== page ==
When I first saw the AIIM roadmap, I was in a class that I wasn’t sure I belonged in, AIIM’s ECM Master Class. When I looked closely at this illustration, I started counting the number of things that our little shop has to deal with and I knew that even small businesses can benefit from proper ECM. The topmost entry point to the roadmap is Human Created Information, and that’s where I am going to start today. A quick look at the four lanes of the on-ramp reveals a lot about our organization:
- Office Documents – This is the single largest piece of our content pie. The content in this piece has varied over time, from typewritten documents that were filmed to Word documents to email; but it remains the leader of our content creation world.
- Forms – This is always astonishing to the cold-call salesmen and people on the show floor at AIIM Expo, but we have very few forms. We insure Nuclear Power plants, not Volvos; you don’t walk into our lobby to get a policy. What few forms we do have are related to internal accounting, and personnel, e.g. expense processing, benefits and such.
- Rich media – Depending on your definition, we have a little bit of rich media or no rich media. Like most organizations, our “documents” include more rich content today than 10 years ago, but they are still documents. We also make use of richer mediums like video conferencing, shared collaboration spaces, etc. I would argue that wikis, white boards and presentations shared around the country are rich media, but perhaps it is poor, lean, dull media transmitted though a rich pipeline. In any case, only the results are being treated as content today.
- Microfilm – Ugh, yes, we have microfilm. Most of what we have on film, is reference material; documents, tables, charts, drawings that couldn’t be carried by any other medium at the time they were needed. Occasionally, we need to recover some of this stuff, but it does not represent an ongoing flow of content.
How well does SharePoint support this side of capture? Office documents, and in this case I mean “Office 2010”, are riding with an E-Z Pass stuck to the windshield. That is, unless you consider email to be a part of Office. There still seems to be a bit of a turf war going on between the SharePoint and Exchange groups within Microsoft. Public Folders were going away in Exchange 2007, but they are still supported in Exchange 2010. In fact, it appears that in the 2010 versions, it might be easier to render views of public folders in SharePoint than move email into SharePoint. I find this troubling because we have a pressing need to integrate email with documents stored in SharePoint. We have looked at several email archiving solutions for SharePoint, and none really stand out as something we want to use. For now, we are using public folders for organizing email and collaborating around email and then moving email in bulk to SharePoint for archive purposes. I don’t like the solution, but it works.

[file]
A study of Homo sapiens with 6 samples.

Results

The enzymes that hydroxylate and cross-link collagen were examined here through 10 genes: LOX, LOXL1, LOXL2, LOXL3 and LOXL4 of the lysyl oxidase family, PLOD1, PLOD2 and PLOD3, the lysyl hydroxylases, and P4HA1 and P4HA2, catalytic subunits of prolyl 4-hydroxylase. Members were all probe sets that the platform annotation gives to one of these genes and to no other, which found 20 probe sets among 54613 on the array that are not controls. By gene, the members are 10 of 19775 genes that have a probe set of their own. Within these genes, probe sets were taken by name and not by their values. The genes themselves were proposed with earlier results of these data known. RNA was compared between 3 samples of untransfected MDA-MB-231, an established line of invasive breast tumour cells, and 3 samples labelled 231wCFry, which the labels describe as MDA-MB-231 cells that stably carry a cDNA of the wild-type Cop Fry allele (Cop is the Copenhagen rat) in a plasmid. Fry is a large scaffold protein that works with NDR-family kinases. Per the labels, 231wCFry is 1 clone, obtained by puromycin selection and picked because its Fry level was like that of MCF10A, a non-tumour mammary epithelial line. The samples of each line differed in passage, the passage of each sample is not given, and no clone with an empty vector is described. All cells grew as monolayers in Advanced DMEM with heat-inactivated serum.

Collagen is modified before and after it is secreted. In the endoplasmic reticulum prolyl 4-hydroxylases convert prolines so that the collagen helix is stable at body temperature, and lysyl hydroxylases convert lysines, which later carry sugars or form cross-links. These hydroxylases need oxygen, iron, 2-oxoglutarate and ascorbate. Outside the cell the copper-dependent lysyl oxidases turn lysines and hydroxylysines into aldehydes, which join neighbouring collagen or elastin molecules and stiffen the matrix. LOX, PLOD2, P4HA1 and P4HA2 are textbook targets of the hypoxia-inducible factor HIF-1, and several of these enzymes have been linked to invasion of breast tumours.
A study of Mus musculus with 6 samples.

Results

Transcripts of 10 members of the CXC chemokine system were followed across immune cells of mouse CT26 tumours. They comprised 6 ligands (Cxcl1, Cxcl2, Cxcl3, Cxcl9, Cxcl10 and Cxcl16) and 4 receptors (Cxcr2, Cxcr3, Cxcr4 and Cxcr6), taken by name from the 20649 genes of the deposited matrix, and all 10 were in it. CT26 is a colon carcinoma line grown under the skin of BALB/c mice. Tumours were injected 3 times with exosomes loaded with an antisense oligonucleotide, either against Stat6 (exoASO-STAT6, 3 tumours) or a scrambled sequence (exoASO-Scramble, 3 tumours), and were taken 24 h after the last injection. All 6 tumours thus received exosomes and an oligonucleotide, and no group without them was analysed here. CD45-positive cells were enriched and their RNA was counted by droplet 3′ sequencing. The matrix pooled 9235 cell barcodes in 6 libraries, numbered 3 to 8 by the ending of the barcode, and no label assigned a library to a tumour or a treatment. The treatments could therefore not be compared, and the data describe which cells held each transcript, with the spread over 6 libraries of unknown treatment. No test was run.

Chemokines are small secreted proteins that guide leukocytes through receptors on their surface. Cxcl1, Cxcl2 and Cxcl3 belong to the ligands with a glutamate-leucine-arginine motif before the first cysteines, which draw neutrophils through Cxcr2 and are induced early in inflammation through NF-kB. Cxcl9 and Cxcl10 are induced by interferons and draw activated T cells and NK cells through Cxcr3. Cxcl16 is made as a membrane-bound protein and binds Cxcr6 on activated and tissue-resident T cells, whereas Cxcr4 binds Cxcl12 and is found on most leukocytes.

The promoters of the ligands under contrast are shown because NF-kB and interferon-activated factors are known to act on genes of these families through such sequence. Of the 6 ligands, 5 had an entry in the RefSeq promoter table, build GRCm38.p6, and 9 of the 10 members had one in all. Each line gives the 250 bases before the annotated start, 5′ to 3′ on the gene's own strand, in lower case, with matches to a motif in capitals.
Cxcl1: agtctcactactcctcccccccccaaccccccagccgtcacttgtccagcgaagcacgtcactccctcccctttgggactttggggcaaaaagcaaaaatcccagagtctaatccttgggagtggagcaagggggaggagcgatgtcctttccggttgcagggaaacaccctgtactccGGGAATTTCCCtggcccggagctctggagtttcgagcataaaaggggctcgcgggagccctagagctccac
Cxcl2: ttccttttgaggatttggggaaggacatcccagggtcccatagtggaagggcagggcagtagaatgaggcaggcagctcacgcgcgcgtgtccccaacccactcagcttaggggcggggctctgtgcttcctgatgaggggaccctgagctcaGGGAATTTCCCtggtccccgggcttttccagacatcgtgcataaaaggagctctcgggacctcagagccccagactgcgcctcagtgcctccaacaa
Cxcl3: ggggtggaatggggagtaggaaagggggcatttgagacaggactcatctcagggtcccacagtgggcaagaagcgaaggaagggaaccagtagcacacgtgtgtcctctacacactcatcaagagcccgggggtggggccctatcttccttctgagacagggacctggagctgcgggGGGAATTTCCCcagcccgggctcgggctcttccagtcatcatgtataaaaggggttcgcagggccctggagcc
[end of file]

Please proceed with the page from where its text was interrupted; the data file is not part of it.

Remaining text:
As I mentioned before the mini-rant, the integration between Office applications and SharePoint is sweet. The applications are aware of the structure, understand check-in/check-out and support the metadata of SharePoint document libraries. The integration between Office and SharePoint that was introduced with MOSS 2007 saved SharePoint in our company. If we had to rely on the manual check-out, do your work, save and check-back-in cycle, SharePoint would have sunk under its own weight. We still have to work like that with the applications in Adobe Creative Suite, but thankfully we don’t create much content there.
Our limited need to capture microfilm has been satisfied by one of the best bits of hardware I ever found, a Scan Pro1000 microfilm scanner. I met these folks at AIIM Expo several years ago and I was blown away by the device. We can view and scan individual pages to PDF (at about 1pg/sec) or we can automatically scan entire rolls of film. We operate by a simple rule: if we scan it to PDF, we save it. Of course, we save it in SharePoint.
Even in our little world, capture presents some challenges and some bright spots. At this point of the roadmap, SharePoint hasn’t started to help us, but the fact that Office is well integrated with SharePoint makes capturing the bulk of our on-going human created information easy enough. Not as easy as the K: drive, I’m told, but easy enough. That brings us to the subject of backfilling; which, in this case study is a success story, but one that can wait to be told.